Introduction

The transport of ammonium across biological membranes is an important physiological process in all domains of life (Kleiner 1993; Knepper et al 1989). Genes encoding high affinity ammonium transporters were first described in Saccharomyces cerevisiae and Arabidopsis thaliana (Marini et al. 1994; Ninnemann et al. 1994) since when more than 50 homologs have been identified. The genes encode highly hydrophobic proteins generally of between 400 and 450 amino acids that represent a unique family (Amt) of transporters found in archaea, bacteria, fungi, plants and animals (Saier Jr. et al 1999). The Rhesus (Rh) family of blood antigens also show significant similarity to the Amt proteins (Marini et al 1997b) and by complementation of a S. cerevisiae Amepl,2,3 mutant it has recently been demonstrated that the Rhesus-associated glycoprotein (RhAG) and the non-erythroid Rhesus-related glycoprotein (RhCG) can indeed transport ammonium (Marini et al 2000b).

With the recent explosion in bacterial genome sequences it has become apparent that nearly all bacteria and archaea encode members of the Amt family. In many cases organisms encode multiple Amt proteins, with as many as three copies being found in Synechocystis sp. PCC6803 and Archaeoglobus fulgidus. There are also three copies in Saccharomyces cerevisiae and six copies in Arabidopsis thaliana. The functions of the different paralogs are not understood but they often have different Km values and in plants they exhibit different tissue specificities and expression profiles. In both the bacteria and the archaea the amt genes are almost invariably linked to a gene, designated glnK, encoding a small signal transduction protein that is a member of the Pn protein family. Conservation of gene linkage in distantly related bacteria often reflects a functional relationship between the gene products, and the linkage of amtB and glnK led us to propose that the GlnK and AmtB proteins may interact physically (Thomas et al 2000a).

While there is a considerable body of data to support the proposal that the Amt proteins facilitate the entry of ammonium into the cell, the mode of action of these proteins is still a matter of debate. In its uncharged form ammonia (NH3) is highly membrane-permeable, but energy-dependent uptake systems for ammonium have been reported for many organisms (Kleiner 1993) and the prevailing view has been that these systems function in active transport of the charged species, NH/ (Kleiner 1993; Ninnemann et al 1994; Marini et al. 1997a). However an alternative model for ammonium acquisition has been proposed by Soupene et al (Soupene et al 1998) who investigated the physiological role of the E. coli AmtB protein. The authors concluded that the AmtB protein recognizes the ammonia molecule as its substrate and that it uses a facilitated diffusion mechanism, similar to the glycerol facilitator (Heller et al 1980), to catalyze equilibration of ammonia across the cytoplasmic membrane.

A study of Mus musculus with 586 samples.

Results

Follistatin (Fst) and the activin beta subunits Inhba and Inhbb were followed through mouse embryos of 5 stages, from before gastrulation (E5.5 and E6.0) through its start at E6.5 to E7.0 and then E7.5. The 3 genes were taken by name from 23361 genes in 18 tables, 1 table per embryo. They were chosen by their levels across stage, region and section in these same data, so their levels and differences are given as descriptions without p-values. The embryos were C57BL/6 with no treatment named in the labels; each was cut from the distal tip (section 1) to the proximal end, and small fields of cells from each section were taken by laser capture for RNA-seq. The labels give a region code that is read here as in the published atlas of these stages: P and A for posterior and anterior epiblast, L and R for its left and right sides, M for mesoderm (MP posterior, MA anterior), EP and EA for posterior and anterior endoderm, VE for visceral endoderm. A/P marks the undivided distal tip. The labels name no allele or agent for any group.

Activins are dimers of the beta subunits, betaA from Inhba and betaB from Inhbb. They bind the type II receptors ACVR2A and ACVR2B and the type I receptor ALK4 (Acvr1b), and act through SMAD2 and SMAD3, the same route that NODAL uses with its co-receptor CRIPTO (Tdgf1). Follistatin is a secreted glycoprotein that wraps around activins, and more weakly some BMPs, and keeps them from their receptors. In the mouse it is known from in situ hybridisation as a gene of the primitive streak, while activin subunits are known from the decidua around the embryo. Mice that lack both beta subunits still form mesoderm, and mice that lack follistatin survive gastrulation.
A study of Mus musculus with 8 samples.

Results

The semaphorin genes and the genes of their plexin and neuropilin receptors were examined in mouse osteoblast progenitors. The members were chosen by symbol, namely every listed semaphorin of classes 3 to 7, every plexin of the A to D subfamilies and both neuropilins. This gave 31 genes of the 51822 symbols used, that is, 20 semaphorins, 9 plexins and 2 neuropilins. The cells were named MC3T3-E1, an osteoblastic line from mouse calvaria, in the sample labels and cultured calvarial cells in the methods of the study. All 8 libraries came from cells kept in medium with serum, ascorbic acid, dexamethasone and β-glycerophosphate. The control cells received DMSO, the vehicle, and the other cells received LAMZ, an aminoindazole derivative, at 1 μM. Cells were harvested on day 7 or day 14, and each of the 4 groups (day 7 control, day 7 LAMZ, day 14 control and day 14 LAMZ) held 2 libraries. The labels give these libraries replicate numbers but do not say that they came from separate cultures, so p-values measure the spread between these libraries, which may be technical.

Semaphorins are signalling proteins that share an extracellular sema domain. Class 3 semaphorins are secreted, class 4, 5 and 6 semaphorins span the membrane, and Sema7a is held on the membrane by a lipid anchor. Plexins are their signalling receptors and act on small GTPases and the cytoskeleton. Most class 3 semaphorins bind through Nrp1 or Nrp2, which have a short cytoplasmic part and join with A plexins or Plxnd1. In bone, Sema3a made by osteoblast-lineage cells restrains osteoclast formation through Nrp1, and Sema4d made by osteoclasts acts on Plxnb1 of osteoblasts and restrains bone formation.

Secondary structural predictions for members of the Amt family suggest that they encode proteins with 10-12 trans-membrane (TM) helices with a C-terminal cytoplasmic extension (Ninnemann et al. 1994; Marini et al. 1994; Marini et al 2000a; Tate et al 1998). In a detailed in silico and in vivo empirical topological analysis of the E. coli AmtB protein we concluded that this protein has 12 TM helices with both the N-terminus and C-terminus in the cytoplasm (Thomas et al 2000b). A detailed understanding of both the mode of action and the structure of Amt proteins can only be obtained through purification and biochemical analysis for which we believe the E. coli AmtB protein provides an excellent model system. In our recent work we have used this system to address a number of these questions.